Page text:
Standoff at Rockefeller Center|After Chokehold Cop Walks


     MANHATTAN (CN) – Chafing at the barricades keeping them a block from the annual tree-lighting ceremony at Rockefeller Center on Wednesday, protesters chanted the final words of a man whose killer dodged an indictment. “I can’t breathe,” they said.
     Eric Garner, an unarmed black man, repeated those words at least nine times with his face pressed against a sidewalk close to the Staten Island Ferry Terminal as police piled onto him to arrest him for allegedly trying to sell illegal cigarettes.
     Video footage of the July 17, 2014, incident shows Garner losing consciousness after white officer Daniel Pantaleo places him in a chokehold.
     Although medical examiners ruled the case a homicide, a Staten Island grand jury declined to charge even negligence against Pantaleo on Wednesday afternoon.
     Within hours, protesters met at New York City’s Union Square before heading up Sixth Avenue, where they hit a police barricade near 47th Street. Several people were arrested in the streets, as others squeezed through barricades on separate corners.
     The crowd migrated then two blocks north, where they confronted metallic and human barriers separating them from the annual Christmas tree-lighting ceremony.
     Lined rows of police in riot gear defended metal barricades separating them from protesters who chanted: “Fuck your tree!”
     Those words could not be heard at the splashy ceremony a little more than a block away, where major networks showed Mariah Carey belting holiday tunes without interruption.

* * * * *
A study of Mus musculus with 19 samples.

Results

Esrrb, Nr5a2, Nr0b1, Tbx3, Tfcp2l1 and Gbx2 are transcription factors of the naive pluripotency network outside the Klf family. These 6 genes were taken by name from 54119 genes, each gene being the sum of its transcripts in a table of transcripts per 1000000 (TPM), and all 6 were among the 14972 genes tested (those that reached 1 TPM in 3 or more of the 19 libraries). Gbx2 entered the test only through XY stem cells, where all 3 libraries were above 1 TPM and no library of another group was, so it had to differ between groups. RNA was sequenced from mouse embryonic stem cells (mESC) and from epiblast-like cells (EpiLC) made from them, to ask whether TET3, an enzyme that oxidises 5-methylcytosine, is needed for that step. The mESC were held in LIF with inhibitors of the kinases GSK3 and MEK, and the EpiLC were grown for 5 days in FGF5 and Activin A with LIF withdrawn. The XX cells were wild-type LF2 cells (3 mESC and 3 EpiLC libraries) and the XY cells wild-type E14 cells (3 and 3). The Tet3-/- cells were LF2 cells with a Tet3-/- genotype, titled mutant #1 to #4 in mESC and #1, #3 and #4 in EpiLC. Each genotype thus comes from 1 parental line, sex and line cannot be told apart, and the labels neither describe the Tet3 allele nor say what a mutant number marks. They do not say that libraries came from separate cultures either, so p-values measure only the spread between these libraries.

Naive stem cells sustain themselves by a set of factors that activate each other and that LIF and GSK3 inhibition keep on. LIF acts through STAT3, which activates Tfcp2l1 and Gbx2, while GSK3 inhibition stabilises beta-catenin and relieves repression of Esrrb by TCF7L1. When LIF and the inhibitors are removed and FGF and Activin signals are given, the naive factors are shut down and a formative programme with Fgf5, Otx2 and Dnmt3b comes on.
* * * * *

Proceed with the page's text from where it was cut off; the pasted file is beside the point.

The Twitter hashtag that sprang up, #NoJusticeNoTree, did not achieve its goal, but waves of discontent with the grand jury’s decision washed elsewhere over the city.

     The Rockefeller Center demonstration eventually veered north, past Radio City Music Hall and the Nutcracker statues that guard the UBS Building, and then west toward Times Square.
     Just after the NBC building’s ticker scrolled the news of the no-indictment, some demonstrators played dead on the streets as others traced their splayed bodies with chalk to simulate a crime scene.
     Similar large-scale protests have snaked through New York for more than a week in the wake of the decision by a St. Louis grand jury not to indict another white officer, Darren Wilson, who fired several shots that killed Michael Brown, an unarmed black teenager.
     Legal observers have called the grand jury investigations for both Wilson and Pantaleo atypical, in that both officers testified in their own defense in proceedings that lasted for months and involved jurors inspecting both incriminating and exculpatory evidence.
     In most grand juries, prosecutors present only evidence that supports the charges that recommended for trial, and targets of the probes usually avoid testifying because their lawyers are not allowed to attend the secret proceedings.
     Protestors linked the cases in multiple chants.
     “Eric Garner, Michael Brown, Every city, Shut it down!” they shouted.
     Several contingents of protesters reportedly brought traffic to a halt on the West Side Highway and a lane of the Lincoln Tunnel, and others marched through Harlem and Staten Island.
     Another near-rhyme heard that night went, “Indict. Convict. Send the killer cops to jail. The whole damn system is guilty as hell.”
     Brooklyn U.S. Attorney Loretta Lynch, primed to be the nation’s next attorney general, announced that a federal probe will investigate Pantaleo for civil-rights violations.
     “The investigation will be fair and thorough, and it will be conducted as expeditiously as possible,” she said.